In July 2017, the Scotsman wrote:
‘Hate offences against Jews in Scotland reach worst level on record’
Reading the article in full and you saw that ‘Hate offences against Jews in the UK reach worst level on record’ would’ve been accurate but there was absolutely no evidence of such a spike in Scotland presented anywhere in the piece. The headline was a lie. First-of-all, for the UK as-a-whole, see this:
‘Anti-Semitic crimes recorded by police forces around the UK increased by 14.9 per cent in 2016, according to data provided following Freedom of Information requests. The total of 1,078 offences registered last year compared to 938 in 2015 and 746 in 2014.’
Now, for Scotland:
‘Scotland recorded 26 anti-Semitic incidents [only 15 led to charges] in 2016, with new figures revealing that suspected hate offences targeting Jewish victims UK-wide surged for the third consecutive year to reach the worst level on record.’
So, the surge was UK-wide and no evidence that it was present in Scotland was offered. Indeed, with a little simple arithmetic we saw that the opposite was true.
Scotland’s population was 5.295 million [in mid-2017]. The UK population was 65.14 million. Scotland’s population was therefore 8.13% of the total. So, if the surge to 1 078 cases across the UK was present in Scotland too there would’ve been more than 87 cases in Scotland yet there were only 26 recorded and only 15 charged. So, the Scotsman headline, if honest, should have read something like:
‘Hate offences against Jews in Scotland much less common than in other parts of the UK’
Why didn’t it?
Then, in February 2018, in an anonymous piece, the Herald headlined:
‘Alarm as anti-Semitic incidents surge across the UK’
‘Anti-Semitic hate incidents have reached a new record high in the UK, new figures show. A report indicates that the Jewish community was targeted at a rate of nearly four times a day last year. The Community Security Trust (CST), a charity which monitors anti-Semitism, recorded 1,382 anti-Semitic incidents nationwide in 2017.’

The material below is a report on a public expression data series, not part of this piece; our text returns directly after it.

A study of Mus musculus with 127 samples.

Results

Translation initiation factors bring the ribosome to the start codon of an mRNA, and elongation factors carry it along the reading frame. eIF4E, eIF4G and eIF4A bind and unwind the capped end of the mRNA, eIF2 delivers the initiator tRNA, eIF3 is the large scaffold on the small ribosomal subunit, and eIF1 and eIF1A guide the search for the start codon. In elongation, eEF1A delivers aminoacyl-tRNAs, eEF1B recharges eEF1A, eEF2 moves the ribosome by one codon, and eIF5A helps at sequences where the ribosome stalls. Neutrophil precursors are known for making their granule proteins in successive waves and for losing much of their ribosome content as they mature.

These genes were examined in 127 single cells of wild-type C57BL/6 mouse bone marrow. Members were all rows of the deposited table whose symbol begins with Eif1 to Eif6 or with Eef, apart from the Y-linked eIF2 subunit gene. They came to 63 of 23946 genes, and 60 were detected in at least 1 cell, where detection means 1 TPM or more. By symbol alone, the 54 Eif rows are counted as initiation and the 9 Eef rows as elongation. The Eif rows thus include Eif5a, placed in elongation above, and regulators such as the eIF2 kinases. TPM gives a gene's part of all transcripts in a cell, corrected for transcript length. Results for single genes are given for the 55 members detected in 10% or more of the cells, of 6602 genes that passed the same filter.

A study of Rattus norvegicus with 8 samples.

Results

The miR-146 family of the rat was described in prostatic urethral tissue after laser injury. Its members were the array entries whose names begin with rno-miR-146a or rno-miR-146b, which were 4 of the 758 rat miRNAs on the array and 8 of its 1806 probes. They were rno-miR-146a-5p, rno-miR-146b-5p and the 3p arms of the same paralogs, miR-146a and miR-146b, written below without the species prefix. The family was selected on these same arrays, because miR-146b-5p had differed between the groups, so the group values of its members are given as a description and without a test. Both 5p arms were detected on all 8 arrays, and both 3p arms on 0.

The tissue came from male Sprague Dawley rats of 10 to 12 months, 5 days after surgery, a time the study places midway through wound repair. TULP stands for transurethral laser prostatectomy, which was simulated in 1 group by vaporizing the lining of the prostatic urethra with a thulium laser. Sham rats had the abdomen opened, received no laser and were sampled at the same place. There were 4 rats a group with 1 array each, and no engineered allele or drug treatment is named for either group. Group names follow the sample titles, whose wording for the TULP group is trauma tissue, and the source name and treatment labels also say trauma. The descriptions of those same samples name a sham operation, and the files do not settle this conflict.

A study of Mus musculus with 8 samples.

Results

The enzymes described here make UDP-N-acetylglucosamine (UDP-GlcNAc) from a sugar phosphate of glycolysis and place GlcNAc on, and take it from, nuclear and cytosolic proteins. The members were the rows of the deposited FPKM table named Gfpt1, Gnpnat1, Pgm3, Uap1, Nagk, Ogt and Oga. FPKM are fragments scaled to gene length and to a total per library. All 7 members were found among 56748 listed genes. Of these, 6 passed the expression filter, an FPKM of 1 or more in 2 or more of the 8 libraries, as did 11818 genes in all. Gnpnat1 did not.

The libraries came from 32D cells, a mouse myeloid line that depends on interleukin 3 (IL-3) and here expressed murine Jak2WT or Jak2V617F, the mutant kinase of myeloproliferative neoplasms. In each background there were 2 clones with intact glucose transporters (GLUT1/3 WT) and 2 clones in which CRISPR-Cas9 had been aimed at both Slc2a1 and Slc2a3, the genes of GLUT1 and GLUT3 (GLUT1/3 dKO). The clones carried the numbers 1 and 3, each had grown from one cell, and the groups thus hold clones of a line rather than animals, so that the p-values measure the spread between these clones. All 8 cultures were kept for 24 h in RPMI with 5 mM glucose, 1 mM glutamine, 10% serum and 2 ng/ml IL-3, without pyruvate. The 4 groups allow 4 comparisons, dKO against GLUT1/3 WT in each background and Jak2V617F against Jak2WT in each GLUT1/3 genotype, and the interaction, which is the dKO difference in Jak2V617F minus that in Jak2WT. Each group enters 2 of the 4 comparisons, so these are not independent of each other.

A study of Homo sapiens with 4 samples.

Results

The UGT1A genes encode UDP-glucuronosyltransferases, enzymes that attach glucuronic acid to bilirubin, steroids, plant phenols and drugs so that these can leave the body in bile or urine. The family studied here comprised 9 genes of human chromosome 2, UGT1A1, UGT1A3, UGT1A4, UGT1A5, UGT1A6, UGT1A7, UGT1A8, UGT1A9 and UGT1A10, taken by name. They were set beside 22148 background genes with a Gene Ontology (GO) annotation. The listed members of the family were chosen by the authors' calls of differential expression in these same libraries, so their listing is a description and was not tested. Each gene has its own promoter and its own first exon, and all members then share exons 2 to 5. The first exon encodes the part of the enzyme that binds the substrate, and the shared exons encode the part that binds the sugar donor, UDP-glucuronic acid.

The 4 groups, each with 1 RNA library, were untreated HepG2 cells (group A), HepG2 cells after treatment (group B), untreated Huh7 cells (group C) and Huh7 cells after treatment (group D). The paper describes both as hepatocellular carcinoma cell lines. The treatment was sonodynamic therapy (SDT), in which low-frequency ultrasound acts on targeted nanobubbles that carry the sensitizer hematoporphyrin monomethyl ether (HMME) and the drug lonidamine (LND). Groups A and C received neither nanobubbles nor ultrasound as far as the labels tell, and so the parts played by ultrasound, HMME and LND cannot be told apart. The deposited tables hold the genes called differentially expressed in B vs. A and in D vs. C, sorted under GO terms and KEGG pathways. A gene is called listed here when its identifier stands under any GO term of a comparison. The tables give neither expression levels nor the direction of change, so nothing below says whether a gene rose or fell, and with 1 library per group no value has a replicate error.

Clearly with more time on my hands than the reporter, I had a look at the actual report, as opposed to their press release. On page 34, I found that there had been 1 382 incidents in the UK in 2017 up 3% from 1 346 in 2016. So, not much of a surge overall but there had been a 34% increase in physical assaults from 108 in 2016 to 145 in 2017.
On the same page of the report, I found a breakdown revealing that of the 1 382 incidents, only 16 had occurred in Scotland, up 1 from 15 in 2016. With 8% of the population, only 1.15% of all anti-Semitic incidents took place in Scotland.
‘Incidents’ included tweets and shouts from passing cars. In the report, no cases of physical assault in Scotland were reported. Only two examples were offered, one was a tweet and the other was an insult from a shopkeeper angered by Israeli attacks in Gaza. So, there almost certainly had been no physical assaults at all in Scotland
Now, today, the Scotsman reports:
‘Jewish leaders tell Jeremy Corbyn ‘enough is enough’ in anti-semitism row…..The statement said Jews faced “fundamental anti-Semitic slurs” in Labour meetings or online forums on a daily basis and “rightly or wrongly, those who push this offensive material regard Jeremy Corbyn as their figurehead”.’
The report makes no attempt to refer to the kind of data, reported above, which might inform readers as to the applicability of this problem to Scotland or for that matter to the Labour Party in Scotland which is currently struggling with accusations of Islamophobia.
Bias by incompetence is probably the best way to describe this but it remains scandalous that Scottish readers cannot rely on these two ‘serious’ newspapers to properly inform them.